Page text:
I've started preparing the Forged in Battle tanks I ordered on eBay, but while I was waiting for them to arrive I was working on several terrain projects. One of these was inspired by the excellent article on building an MG Nest featured on Model Dad's. Even if I do say so myself I think the finished result looks pretty good. I'm certainly very happy with this model and I'll probably make a couple more in due course.
My first attempt at building an MG Nest went spectacularly wrong. To use the terminology of D&D it was an Epic Fail. The reason for this lack of success had nothing to do with the guide mentioned above and more to do with my lack of preparedness and being in the wrong frame of mind when I started. After half an hour of cursing loudly all I had successfully managed to stick together were my fingers. At this point I had to retire to the bathroom to apply liberal quantities of acetone based nail varnish remover to my fingers to unstick myself.
My second attempt couldn't have been more different. I cleared my work area before starting, gathered all the tools and materials I needed and only then did I start. I cut cocktail sticks with a pair of clippers and trimmed the edges with a modeling knife to tidy them up a little. I used superglue for speed but placed the 'logs' using tweezers rather than my big chubby fingers. Then I carved the earthen banks from some polystyrene packaging and glued them onto the base using a simple contact adhesive. The log roof was similarly fixed into position using the same glue and the allowed to dry.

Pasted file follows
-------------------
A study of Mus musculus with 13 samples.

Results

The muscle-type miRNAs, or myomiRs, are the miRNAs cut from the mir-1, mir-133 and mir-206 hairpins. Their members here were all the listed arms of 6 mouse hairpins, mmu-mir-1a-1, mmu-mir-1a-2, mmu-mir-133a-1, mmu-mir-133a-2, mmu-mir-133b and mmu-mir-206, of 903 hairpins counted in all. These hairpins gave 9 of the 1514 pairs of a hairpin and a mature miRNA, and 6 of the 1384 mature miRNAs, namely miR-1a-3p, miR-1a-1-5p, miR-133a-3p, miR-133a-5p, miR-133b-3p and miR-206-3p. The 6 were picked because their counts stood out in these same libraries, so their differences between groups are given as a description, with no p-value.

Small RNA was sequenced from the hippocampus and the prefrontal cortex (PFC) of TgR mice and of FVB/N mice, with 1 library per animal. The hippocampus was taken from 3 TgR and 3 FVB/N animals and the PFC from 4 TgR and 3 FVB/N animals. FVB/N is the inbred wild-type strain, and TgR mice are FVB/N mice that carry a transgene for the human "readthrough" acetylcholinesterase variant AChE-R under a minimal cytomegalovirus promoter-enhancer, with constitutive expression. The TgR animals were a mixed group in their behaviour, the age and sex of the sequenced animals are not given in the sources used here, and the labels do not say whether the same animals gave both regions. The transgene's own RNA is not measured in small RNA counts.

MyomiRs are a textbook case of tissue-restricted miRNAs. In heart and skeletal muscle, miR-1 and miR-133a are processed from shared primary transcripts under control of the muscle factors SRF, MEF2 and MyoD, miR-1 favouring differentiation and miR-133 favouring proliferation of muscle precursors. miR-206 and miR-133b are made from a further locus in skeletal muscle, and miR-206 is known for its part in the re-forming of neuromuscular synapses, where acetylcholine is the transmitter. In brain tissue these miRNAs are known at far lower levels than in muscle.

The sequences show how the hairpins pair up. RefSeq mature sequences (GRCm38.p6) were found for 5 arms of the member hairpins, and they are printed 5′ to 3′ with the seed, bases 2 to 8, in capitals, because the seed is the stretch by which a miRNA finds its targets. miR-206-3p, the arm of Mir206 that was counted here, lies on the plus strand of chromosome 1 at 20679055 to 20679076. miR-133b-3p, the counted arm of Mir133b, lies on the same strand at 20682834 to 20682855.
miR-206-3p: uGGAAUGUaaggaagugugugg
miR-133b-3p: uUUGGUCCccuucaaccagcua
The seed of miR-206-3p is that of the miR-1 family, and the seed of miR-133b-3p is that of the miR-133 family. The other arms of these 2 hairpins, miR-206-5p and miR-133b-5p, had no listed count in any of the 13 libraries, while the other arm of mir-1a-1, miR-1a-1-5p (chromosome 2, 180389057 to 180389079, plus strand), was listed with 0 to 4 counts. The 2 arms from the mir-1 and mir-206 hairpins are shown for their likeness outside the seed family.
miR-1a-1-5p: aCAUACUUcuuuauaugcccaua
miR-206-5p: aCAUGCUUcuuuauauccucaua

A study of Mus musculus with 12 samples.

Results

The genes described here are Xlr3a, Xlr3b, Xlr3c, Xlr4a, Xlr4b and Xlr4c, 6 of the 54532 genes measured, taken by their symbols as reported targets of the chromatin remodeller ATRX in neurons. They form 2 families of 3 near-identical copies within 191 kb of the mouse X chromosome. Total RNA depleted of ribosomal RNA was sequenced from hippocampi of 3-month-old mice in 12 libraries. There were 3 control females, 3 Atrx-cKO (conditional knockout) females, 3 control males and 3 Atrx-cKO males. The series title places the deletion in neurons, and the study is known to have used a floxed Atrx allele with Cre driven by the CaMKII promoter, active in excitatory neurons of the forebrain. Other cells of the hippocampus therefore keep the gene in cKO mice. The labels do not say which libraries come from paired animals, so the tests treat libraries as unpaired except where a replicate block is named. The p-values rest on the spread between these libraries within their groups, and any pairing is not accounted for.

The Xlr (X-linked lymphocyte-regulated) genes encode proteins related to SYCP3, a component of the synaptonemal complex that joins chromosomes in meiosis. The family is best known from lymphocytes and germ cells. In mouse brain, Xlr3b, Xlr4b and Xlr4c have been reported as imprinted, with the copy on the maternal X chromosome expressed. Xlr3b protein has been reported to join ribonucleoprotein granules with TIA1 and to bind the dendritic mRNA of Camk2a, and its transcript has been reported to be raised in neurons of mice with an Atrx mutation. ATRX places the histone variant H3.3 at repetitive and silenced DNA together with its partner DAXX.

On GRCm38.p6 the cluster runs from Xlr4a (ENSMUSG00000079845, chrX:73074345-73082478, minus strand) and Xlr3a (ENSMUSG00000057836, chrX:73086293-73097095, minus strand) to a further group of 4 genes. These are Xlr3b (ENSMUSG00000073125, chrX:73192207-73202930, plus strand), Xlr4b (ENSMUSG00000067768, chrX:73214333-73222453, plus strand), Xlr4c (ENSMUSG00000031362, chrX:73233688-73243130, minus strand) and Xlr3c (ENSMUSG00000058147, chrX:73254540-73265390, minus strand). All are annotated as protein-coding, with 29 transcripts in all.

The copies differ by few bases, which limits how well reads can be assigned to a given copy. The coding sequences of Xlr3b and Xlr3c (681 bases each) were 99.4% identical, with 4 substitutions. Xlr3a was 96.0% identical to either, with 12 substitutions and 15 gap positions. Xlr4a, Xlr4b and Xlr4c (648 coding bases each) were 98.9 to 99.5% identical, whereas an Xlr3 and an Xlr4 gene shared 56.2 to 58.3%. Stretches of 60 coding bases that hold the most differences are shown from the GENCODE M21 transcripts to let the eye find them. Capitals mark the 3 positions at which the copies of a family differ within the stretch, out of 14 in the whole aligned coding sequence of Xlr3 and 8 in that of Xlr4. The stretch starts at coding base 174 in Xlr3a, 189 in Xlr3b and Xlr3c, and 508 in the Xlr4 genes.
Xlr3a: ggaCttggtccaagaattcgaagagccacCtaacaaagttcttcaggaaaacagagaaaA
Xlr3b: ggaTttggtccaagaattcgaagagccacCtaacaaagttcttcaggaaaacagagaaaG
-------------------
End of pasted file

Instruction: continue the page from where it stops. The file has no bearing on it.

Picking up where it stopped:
I then built up the earthen bank using a special mix of quick drying plaster. I use this material to cover infantry bases and it dries quite strong and resilient. I mixed in a little gravel for texture and some dark brown paint (if the dried plaster chips it'll still be brown all the way through). What I ended up with was a mixture that had the colour and consistency of dog poo but was sticky enough to be easily applied to the model and then shaped and sculpted as desired.
I allowed this to dry for 24 hrs before painting and applied a generous coat of base black to make the surface more resilient. Similarly when painted I applied several coats gloss varnish to strengthen the surface before covering with Dull Coat varnish. The last stage was to apply the grass.